WHAT YOU NEED TO KNOW:
- Canadian and U.S. jets escorted two Russian strategic bombers that entered American airspace near Alaska on Friday, away from the area.
- NORAD commander General Terrence O’Shaughnessy stated that protecting Canada and the U.S. by identifying aircraft of interest entering American airspace is the agency’s top priority.
- However, the Russian Defense Ministry said the mission was just a 15-hour scheduled routine flight over neutral waters.
On Saturday, the North American Aerospace Defense Command (NORAD) revealed that two U.S. F-22 and two Canadian CF-18 stopped two nuclear-capable Russian aircraft that entered American airspace close to Alaska on Friday. Both Canadian and U.S. fighter jets escorted the Russian Tu-160 Blackjack strategic bombers away from the zone patrolled by Canada’s Royal Air Force.
According to Radio Free Europe, in a statement from NORAD Commander General Terrence O’Shaughnessy he said that defending Canada and the United States is NORAD’s top priority.
“Our ability to protect our nations starts with successfully detecting, tracking, and positively identifying aircraft of interest approaching U.S. and Canadian airspace,” the commander added.
Actually, the mission according to the Russian Defense Ministry was a routine scheduled flight over neutral waters.
Reported by Russia’s Tass news agency, the ministry said, “crews of two Tu-160 strategic bombers completed a scheduled flight over neutral waters of the Arctic Ocean on Saturday and practiced refueling,” adding that the flight took more than 15 hours.
RadioFree Europe has reported that in recent years, related encounters between NATO aircraft and the Russian military have escalated. Russia has been working to strengthen its military power and pushed back more strongly against the U.S. and NATO under the leadership of President Vladimir Putin.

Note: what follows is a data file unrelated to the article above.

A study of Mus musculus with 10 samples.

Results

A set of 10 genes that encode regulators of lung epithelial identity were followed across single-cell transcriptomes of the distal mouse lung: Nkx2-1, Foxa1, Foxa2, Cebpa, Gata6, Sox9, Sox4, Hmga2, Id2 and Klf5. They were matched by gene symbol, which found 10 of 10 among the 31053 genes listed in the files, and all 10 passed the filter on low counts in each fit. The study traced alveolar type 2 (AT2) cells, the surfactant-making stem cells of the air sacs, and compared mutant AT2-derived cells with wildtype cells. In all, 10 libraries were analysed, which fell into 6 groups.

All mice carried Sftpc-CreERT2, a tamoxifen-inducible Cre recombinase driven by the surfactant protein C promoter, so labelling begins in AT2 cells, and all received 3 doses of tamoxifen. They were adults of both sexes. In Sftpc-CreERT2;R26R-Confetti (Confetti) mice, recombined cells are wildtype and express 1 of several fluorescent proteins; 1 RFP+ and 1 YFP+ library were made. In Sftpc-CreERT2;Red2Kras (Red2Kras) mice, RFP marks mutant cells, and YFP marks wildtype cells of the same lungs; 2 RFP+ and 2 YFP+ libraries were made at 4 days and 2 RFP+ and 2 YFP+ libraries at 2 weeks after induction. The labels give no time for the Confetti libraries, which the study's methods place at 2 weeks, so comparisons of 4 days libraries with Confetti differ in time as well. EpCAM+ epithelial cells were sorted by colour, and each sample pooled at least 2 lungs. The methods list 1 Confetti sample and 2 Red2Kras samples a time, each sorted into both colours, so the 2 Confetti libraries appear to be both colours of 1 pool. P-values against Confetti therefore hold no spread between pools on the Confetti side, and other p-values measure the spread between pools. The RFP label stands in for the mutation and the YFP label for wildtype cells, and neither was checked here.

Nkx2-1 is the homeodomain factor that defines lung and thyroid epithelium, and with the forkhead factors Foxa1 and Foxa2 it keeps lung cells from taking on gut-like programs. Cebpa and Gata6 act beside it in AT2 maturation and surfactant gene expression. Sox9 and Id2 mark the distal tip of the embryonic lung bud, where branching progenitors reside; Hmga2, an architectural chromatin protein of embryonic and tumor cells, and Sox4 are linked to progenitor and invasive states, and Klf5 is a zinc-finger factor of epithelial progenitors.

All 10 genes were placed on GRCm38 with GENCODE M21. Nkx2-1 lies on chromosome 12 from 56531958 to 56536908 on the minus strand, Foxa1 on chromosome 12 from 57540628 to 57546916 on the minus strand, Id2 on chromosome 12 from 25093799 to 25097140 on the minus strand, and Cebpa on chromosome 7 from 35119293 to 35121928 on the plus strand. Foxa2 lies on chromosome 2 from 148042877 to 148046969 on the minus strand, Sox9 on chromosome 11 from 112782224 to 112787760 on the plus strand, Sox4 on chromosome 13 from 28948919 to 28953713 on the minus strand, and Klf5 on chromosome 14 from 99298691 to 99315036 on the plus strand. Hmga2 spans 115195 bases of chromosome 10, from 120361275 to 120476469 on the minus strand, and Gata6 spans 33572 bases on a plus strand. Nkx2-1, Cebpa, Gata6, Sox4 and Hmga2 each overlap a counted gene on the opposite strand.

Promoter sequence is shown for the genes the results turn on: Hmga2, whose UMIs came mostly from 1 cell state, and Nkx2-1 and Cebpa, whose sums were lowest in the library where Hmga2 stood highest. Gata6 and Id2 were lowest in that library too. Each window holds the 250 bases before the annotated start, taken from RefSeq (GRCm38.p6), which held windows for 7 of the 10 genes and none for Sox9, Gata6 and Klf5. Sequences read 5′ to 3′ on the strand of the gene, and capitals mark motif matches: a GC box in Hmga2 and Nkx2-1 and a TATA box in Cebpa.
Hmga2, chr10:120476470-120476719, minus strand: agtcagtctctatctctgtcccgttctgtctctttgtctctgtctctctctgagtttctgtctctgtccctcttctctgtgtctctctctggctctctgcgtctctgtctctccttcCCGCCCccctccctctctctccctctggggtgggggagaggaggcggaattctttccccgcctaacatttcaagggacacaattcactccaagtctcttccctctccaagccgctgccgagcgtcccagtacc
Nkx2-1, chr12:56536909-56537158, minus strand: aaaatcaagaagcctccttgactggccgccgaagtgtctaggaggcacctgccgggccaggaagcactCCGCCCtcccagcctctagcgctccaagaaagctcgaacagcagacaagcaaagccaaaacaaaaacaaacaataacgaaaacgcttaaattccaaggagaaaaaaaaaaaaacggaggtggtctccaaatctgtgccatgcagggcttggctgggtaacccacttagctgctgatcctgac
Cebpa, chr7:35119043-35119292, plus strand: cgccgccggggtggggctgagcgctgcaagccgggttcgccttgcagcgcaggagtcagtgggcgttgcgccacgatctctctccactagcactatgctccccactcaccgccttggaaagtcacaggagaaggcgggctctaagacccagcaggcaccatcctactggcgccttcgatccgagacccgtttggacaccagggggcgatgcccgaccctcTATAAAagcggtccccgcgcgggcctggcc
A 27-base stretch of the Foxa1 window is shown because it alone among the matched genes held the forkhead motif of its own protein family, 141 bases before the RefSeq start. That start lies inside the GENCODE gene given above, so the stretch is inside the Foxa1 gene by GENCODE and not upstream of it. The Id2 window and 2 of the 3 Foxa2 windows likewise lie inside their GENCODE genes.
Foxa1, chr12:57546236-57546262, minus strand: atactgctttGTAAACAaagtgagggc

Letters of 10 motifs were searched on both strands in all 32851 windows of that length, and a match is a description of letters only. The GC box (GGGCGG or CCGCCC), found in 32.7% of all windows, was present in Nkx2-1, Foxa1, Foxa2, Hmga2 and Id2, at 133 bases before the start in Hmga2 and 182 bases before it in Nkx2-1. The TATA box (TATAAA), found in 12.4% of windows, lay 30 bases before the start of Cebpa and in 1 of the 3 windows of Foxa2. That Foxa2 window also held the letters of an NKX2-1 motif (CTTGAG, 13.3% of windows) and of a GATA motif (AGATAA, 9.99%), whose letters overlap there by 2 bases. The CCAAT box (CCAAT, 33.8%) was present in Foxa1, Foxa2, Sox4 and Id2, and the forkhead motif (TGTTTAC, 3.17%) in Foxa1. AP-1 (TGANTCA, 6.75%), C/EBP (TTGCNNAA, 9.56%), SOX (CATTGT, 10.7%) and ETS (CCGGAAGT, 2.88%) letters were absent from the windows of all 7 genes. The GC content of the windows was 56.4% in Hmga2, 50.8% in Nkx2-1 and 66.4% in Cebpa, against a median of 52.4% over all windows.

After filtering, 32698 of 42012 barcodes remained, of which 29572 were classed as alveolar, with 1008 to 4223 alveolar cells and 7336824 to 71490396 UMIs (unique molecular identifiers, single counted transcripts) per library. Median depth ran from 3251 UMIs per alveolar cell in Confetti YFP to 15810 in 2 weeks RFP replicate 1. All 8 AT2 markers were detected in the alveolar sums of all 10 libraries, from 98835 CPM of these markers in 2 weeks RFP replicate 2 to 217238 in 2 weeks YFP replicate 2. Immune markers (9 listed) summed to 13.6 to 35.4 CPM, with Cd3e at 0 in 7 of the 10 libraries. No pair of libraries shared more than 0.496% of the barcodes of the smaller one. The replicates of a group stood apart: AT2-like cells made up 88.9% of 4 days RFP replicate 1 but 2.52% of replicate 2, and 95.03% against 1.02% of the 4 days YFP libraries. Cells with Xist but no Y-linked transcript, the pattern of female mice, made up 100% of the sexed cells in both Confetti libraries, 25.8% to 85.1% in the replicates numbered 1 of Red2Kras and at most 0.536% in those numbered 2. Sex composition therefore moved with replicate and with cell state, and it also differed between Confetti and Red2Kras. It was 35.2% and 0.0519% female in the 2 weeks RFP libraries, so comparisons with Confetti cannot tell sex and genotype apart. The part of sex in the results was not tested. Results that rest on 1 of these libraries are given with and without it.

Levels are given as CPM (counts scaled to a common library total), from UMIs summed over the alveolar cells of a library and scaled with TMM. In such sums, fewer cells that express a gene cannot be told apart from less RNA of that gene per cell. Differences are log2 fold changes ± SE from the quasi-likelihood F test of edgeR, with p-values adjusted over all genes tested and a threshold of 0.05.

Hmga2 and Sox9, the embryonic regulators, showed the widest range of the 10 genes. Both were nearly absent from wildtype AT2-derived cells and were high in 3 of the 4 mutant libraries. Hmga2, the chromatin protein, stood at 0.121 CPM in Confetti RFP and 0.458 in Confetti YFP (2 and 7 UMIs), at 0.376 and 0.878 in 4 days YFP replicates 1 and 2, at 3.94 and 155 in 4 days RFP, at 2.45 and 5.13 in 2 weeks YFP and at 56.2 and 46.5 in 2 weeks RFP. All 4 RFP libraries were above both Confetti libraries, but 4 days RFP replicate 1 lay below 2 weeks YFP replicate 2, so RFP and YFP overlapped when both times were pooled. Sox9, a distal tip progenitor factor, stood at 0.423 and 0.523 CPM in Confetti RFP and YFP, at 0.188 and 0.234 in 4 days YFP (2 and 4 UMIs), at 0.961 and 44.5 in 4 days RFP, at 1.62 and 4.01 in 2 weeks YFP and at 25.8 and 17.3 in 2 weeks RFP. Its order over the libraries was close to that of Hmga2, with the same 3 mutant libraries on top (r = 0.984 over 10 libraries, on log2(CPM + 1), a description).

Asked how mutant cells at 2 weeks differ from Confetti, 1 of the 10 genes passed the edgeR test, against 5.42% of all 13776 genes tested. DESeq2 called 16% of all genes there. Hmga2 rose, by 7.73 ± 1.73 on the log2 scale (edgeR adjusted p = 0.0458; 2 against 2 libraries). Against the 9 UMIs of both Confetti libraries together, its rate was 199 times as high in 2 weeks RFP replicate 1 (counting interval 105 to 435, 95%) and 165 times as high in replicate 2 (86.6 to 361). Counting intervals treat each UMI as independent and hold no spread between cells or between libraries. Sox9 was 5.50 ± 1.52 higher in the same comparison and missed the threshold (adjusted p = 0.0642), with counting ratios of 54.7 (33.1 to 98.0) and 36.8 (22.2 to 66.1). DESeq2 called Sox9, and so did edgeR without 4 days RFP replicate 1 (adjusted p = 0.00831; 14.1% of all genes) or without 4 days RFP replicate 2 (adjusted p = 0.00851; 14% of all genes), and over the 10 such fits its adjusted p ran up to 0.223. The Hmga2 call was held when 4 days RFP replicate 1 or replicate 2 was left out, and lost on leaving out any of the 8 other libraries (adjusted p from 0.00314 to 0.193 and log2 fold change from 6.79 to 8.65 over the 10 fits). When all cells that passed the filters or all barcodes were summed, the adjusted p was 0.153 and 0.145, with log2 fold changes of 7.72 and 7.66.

Due to a range of international issues, tensions have remained elevated between Washington and Moscow. Washington and NATO alleged that Moscow’s 9M729 nuclear-capable cruise missile system violated the terms of the Cold War-era Intermediate-range Nuclear Forces Treaty signed by former Presidents Ronald Reagan and Mikhail Gorbachev in 1987. Because of the violation with Russia refusing to destroy the defense system, the U.S. is now about to withdraw from the agreement.
NATO Secretary General Jens Stoltenberg told Reuters earlier this month that this is a part of the plan where Russia is testing and modernizing its nuclear weapons.
“I think the whole idea is for Russia to try to be able to reestablish a sphere of influence where they can try to intimidate and control some of their neighbors,” he added.
While the Doomsday Clock remains set just two minutes from Armageddon, president and CEO of the Bulletin of the Atomic Scientists Rachel Bronson said that although the reality that is being described remains unchanged from 2018, this setting should be taken as “a stark warning to leaders and citizens around the world.”
The Doomsday Clock was created in 1947 to keep tabs on how close the world is coming to nuclear annihilation.